Mankinen, Edward A., Sweetkind, Donald S., McKee, Edwin H., and Morin, Robert L., 2005, Gravity and ground magnetic data from selected traverses in the Amargosa desert and vicinity, Nevada and California: Open-File Report 2005-1444, Geological Survey (U.S.).
What coordinate system is used to represent geographic features?
Horizontal positions are specified in geographic coordinates, that is, latitude and longitude.
Latitudes are given to the nearest 0.0001667.
Longitudes are given to the nearest 0.0001667.
Latitude and longitude values are specified in decimal degrees.
The horizontal datum used is World Geodetic System 1984.
The ellipsoid used is WGS 84.
The semi-major axis of the ellipsoid used is 6378137.
The flattening of the ellipsoid used is 1/298.257.
Textual identifiers without distinct scientific significance
Range of values
Range of values
Free air gravity anomaly
Range of values
Terrain inner zone correction
Inner-zone terrain corrections (zones A, B, C, and D of Hayford and
Bowie, 1912), which are necessary to account for variations in
topography near a gravity station, were obtained using a program
developed by Spielman and Ponce (1984).
Gravity data were obtained using a LaCoste and Romberg meter (USGS
meter G8) and observed gravity values were referenced to the
International Gravity Standardization Net 1971 (ISGN 71) gravity
datum (Morelli, 1974). Gravity observations were tied to two ISGN
71 base stations (Harris and others, 1989); the original Beatty
post office (BPO), now the Death Valley visitor station, and DUNE,
west of the junction of U.S. Highway 95 and Nevada State Highway
29 in Amargosa Valley. The observed gravity value given for BPO in
Harris and others (1989) has been revised to 979,566.45 mGal (D.A.
Ponce, USGS, written communication, 1997).
Observed gravity at each station was adjusted by assuming a
time-dependent linear drift between readings of a base station at
the start and finish of each daily survey. This adjustment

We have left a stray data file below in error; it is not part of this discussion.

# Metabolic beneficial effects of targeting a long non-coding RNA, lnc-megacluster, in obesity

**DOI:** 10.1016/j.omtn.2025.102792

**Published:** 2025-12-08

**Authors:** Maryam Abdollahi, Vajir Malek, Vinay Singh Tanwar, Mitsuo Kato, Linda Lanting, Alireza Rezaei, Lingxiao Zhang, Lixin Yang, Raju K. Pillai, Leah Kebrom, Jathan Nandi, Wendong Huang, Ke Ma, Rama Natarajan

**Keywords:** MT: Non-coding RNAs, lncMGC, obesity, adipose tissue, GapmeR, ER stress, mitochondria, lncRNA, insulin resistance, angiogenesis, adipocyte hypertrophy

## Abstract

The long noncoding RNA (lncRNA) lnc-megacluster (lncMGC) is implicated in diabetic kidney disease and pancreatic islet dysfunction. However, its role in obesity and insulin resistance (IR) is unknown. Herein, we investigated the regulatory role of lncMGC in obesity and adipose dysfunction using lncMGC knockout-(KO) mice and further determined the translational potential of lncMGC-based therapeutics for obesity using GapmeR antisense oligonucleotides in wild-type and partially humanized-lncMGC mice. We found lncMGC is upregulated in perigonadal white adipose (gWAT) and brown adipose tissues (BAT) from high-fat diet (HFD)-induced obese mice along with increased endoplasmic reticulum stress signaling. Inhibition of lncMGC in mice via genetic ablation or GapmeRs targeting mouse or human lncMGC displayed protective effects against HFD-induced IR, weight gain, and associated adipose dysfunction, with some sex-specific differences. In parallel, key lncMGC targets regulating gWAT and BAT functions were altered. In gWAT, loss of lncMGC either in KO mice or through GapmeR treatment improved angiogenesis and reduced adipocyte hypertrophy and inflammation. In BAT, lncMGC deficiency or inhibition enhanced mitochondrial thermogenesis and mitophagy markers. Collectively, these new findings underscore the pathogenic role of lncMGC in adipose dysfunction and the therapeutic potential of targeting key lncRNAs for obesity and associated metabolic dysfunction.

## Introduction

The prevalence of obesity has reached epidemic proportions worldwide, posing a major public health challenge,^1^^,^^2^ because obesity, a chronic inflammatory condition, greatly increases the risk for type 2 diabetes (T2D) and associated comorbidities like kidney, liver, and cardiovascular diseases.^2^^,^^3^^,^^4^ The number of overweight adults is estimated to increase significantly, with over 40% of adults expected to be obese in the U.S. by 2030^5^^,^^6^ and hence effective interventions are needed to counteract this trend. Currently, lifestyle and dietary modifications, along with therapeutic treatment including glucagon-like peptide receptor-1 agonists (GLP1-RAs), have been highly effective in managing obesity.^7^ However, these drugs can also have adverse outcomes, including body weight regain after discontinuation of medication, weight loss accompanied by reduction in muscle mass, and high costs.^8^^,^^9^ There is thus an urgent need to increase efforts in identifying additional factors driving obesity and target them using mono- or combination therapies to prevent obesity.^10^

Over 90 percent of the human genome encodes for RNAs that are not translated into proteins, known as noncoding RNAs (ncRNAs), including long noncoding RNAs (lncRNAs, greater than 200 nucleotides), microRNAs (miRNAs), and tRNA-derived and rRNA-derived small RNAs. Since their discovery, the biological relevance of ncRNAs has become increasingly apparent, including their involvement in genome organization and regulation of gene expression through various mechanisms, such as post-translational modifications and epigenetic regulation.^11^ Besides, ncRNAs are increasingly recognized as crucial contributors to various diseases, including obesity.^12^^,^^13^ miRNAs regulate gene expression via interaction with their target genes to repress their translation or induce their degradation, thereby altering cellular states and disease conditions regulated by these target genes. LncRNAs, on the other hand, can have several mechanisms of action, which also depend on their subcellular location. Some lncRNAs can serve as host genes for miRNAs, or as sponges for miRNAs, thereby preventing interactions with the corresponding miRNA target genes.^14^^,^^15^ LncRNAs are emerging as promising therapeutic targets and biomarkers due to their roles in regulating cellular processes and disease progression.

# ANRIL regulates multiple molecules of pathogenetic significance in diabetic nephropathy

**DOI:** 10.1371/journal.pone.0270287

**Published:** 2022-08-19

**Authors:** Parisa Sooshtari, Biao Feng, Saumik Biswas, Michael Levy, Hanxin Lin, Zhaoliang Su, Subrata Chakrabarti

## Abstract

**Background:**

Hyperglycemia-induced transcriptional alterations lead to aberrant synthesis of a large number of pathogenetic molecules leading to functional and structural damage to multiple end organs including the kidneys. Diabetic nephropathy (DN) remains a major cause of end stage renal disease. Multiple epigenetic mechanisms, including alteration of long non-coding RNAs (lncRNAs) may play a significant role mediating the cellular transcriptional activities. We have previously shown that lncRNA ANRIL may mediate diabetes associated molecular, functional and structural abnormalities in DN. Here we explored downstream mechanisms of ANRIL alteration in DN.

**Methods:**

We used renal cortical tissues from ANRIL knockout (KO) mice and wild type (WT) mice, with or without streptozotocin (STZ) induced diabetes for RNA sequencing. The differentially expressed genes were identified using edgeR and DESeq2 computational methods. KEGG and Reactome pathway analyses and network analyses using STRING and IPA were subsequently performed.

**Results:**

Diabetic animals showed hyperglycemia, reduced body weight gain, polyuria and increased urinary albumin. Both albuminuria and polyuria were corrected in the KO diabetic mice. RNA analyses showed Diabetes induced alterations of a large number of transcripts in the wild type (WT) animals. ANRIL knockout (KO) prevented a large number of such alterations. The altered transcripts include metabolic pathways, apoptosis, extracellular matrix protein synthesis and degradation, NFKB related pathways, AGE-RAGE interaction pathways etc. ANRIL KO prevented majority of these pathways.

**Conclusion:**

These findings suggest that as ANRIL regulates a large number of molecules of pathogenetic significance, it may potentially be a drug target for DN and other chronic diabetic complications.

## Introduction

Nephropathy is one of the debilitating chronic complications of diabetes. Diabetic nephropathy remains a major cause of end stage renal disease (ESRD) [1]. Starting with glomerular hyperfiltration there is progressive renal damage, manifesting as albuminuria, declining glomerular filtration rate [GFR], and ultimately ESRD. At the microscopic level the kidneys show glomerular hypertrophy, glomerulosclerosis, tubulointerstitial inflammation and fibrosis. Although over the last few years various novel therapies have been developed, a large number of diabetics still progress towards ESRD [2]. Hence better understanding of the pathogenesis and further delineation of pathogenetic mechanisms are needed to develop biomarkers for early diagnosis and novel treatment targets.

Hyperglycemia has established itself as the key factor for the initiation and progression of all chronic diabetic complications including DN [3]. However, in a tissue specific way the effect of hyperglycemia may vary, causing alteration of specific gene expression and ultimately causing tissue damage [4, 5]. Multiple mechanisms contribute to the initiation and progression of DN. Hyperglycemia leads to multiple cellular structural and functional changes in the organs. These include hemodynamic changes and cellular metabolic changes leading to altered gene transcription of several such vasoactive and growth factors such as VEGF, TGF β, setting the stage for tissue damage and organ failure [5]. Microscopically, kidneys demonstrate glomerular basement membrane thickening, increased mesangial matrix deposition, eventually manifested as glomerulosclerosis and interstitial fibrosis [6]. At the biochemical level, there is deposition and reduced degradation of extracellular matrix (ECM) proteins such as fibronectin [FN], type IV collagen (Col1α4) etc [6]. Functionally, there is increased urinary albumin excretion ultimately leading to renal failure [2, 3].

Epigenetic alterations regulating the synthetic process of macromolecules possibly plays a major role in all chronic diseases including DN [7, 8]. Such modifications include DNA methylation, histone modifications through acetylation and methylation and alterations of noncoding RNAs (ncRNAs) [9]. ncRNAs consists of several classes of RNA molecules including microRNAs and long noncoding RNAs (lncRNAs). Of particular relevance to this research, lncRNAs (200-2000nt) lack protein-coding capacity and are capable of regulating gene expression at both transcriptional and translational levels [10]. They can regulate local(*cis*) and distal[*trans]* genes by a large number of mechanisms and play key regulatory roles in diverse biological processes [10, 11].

compensates for drift in the instruments spring. All gravity
data and their associated parameters are given in Table 1.
Observed gravity values are considered accurate to about 0.05 mGal
based on repeat measurements over several mountain calibration
loops (Barnes and others, 1969; Ponce and Oliver, 1981). Gravity
data were reduced using standard gravity corrections (Harris and
others, 1989) and a reduction density of 2670 kg/m3. Inner-zone
terrain corrections (zones A, B, C, and D of Hayford and Bowie,
1912), which are necessary to account for variations in topography
near a gravity station, were obtained using a program developed by
Spielman and Ponce (1984). The calculations use digitized
topography in a digital elevation model (DEM) and a procedure by
Plouff (1977). A regional isostatic field was calculated using an
Airy-Heiskanen (Heiskanen and Vening Meinesz, 1958) model for
local compensation of topographic loads (Simpson and others, 1983,
1986). This model assumes a crustal thickness of 25 km, a crustal
density of 2670 kg/m3, and a 400 kg/m3 density contrast between
the crust and mantle. This regional isostatic field was subtracted
from the complete Bouguer anomaly, thus removing longwavelength
variations in the gravity field that are inversely related to
topography. The resulting isostatic residual gravity anomaly,
therefore, is a reflection of local density distributions within
middle to upper crustal levels. The isostatic residual gravity
anomaly for the Amargosa Valley study area, incorporating the 152
new gravity observations from Table 1, is shown in figure 4. The
new gravity stations were established along the same traverses as
the ground magnetic profiles described in the following section
and were intended to complement those data.
Date: 05-Jun-2008 (process 2 of 2)
Creation of original metadata record
Person who carried out this activity:
How accurate are the geographic locations?
Locations of gravity stations were determined using differential GPS, with surveyed benchmarks
used for control and are accurate to within about 0.1 m, both horizontally and vertically
This report is preliminary and has not been reviewed for
conformity with U.S. Geological Survey editorial standards (or
with the North American Stratigraphic Code). Any use of trade,
product, or firm names is for descriptive purposes only and does
not imply endorsement by the U.S. Government.